This blog post originally appeared on the FSD Zambia Blog and shares thoughts from the Fail Fest session, "Savings Groups Warning! How to Avoid Failure!" at the 2016 SEEP Annual Conference
We are pleased to share it here with the SEEP Community.
Learning from failure.
In recent years community savings and lending groups, in Zambia called Savings Groups, have been lauded as the emerging opportunity to make financial services available in rural communities. These groups improve members’ ability to manage money and respond to unexpected expenses, enhancing their lives. Many donors and organisations, including Financial Sector Deepening Zambia (FSDZ), fund projects to expand the reach of Savings Groups around the world. I have spent twelve years of my career championing and improving this model, and I have seen great successes and frustrating failures.
This is one of the failures.
In 2014, I faced one of the greatest challenges as a Savings Groups advocate. I developed a proposal to deliver an impressive number of Savings Groups within three months of project start-up. The proposal theorised continuous growth from inception of the project to respond to donor pressure for early results. However, the proposal methodology failed to take into account the following factors: time needed for the project start up, monitoring and reporting setup, and the likely growth and acceptance pattern for Zambians unfamiliar with the Savings Group model.
With my ambitious proposal I obtained the funding from the donor agency. However, the programme was never able to reach the lofty projections, and underperformed on almost all quarterly targets! To make matters worse, I joined FSDZ, the organization that had donated the funds, and became responsible for supervising the project results. The project performance was under par for most of the period. Ultimately, this led to missing the quarterly FSDZ and donor targets.
The lesson learned is that donors and implementers alike need to understand the following two potential pitfalls for new projects:
- Do not compress the start-up period. Allow, minimum, 4 months preparation time for direct implementation, and, minimum, 6 months for implementation through a local partner;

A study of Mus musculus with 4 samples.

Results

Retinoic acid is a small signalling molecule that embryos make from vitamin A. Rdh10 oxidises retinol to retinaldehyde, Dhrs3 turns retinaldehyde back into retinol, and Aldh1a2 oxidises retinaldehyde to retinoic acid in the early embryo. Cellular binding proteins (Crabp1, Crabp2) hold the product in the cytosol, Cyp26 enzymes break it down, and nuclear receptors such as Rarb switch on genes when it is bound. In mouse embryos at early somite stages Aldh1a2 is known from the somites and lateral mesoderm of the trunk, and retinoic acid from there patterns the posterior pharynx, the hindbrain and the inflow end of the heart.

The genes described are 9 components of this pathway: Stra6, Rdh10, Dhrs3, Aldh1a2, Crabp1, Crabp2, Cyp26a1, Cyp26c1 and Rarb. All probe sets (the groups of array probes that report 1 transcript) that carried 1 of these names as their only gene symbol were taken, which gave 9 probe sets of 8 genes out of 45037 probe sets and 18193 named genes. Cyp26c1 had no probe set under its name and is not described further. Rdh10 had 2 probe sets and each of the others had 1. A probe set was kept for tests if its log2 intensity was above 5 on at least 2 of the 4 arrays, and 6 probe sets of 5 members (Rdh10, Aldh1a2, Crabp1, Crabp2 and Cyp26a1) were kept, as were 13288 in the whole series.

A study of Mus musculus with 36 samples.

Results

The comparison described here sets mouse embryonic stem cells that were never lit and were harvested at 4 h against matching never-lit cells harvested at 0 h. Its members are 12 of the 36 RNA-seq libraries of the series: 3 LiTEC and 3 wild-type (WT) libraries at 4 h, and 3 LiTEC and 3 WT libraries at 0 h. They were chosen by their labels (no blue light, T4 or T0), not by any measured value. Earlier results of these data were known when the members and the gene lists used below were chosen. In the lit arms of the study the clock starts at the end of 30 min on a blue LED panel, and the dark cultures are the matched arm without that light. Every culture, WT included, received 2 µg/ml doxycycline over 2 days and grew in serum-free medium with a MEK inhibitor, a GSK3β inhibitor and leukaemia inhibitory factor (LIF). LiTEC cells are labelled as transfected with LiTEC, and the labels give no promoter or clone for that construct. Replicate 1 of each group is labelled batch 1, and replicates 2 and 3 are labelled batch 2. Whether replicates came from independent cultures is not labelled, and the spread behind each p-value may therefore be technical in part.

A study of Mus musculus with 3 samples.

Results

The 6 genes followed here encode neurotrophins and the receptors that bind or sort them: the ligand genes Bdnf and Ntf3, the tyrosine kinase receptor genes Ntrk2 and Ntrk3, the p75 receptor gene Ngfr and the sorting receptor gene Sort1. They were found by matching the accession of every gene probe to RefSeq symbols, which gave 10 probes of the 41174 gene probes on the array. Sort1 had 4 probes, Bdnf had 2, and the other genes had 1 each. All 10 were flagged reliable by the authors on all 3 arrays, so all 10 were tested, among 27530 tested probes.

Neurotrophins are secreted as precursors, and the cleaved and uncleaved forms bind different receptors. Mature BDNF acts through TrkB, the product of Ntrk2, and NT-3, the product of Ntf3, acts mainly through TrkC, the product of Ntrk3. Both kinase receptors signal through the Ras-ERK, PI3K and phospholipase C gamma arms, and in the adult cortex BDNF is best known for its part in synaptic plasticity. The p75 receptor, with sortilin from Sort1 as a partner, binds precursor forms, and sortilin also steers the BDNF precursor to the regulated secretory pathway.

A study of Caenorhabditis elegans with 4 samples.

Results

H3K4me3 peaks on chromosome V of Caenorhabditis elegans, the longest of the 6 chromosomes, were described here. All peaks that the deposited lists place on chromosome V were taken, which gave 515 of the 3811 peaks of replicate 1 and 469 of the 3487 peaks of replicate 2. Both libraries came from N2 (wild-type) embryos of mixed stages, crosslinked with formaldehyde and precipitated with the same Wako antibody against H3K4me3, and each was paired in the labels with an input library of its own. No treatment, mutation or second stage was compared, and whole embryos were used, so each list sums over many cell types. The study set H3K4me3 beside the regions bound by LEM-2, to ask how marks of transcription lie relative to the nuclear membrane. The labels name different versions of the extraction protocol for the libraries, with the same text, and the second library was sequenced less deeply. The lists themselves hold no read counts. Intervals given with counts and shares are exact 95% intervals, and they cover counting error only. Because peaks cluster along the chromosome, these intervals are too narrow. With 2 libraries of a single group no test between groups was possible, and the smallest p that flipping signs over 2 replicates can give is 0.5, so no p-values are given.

- Savings Groups outreach does not follow a straight growth curve. Due to the demonstration effect, where people wait to see how the initial groups fare before forming new groups (which can take up to a year), Savings Group outreach follows a distinct overall pattern of slow initial uptake and accelerated growth once the demonstration effect comes into effect (J-curve). In addition, donors and implementers must take seasonality into account.
Respect start-up time and plan for the J-curve!
The animation shows the straight line ‘theoretical’ growth curve versus the J-curve that occurred in reality.
Guy joined FSD Zambia in February 2015 as Head of Rural and Household Finance, whose work is centred on savings groups, and also coordinates work with Mobile Money for the Poor (MM4P) on Digital Financial Services (DFS).
His career in development began at the United Nations Industrial Development Organization in Morocco, where he helped the government support private sector development through policy and by promoting small enterprise development and solar technology. He joined Catholic Relief Services (CRS) in 1996, first as Microfinance Program Manager in Lebanon, and then remained with CRS to take up various senior roles related to best practice in rural finance in technical, product development, advisory and training-based positions.
Fluent in Dutch, French and English, Guy grew up in Keerbergen in Northeast Belgium. He holds a Master’s of Science in Applied Economy from Belgium’s Katholieke Universiteit Leuven.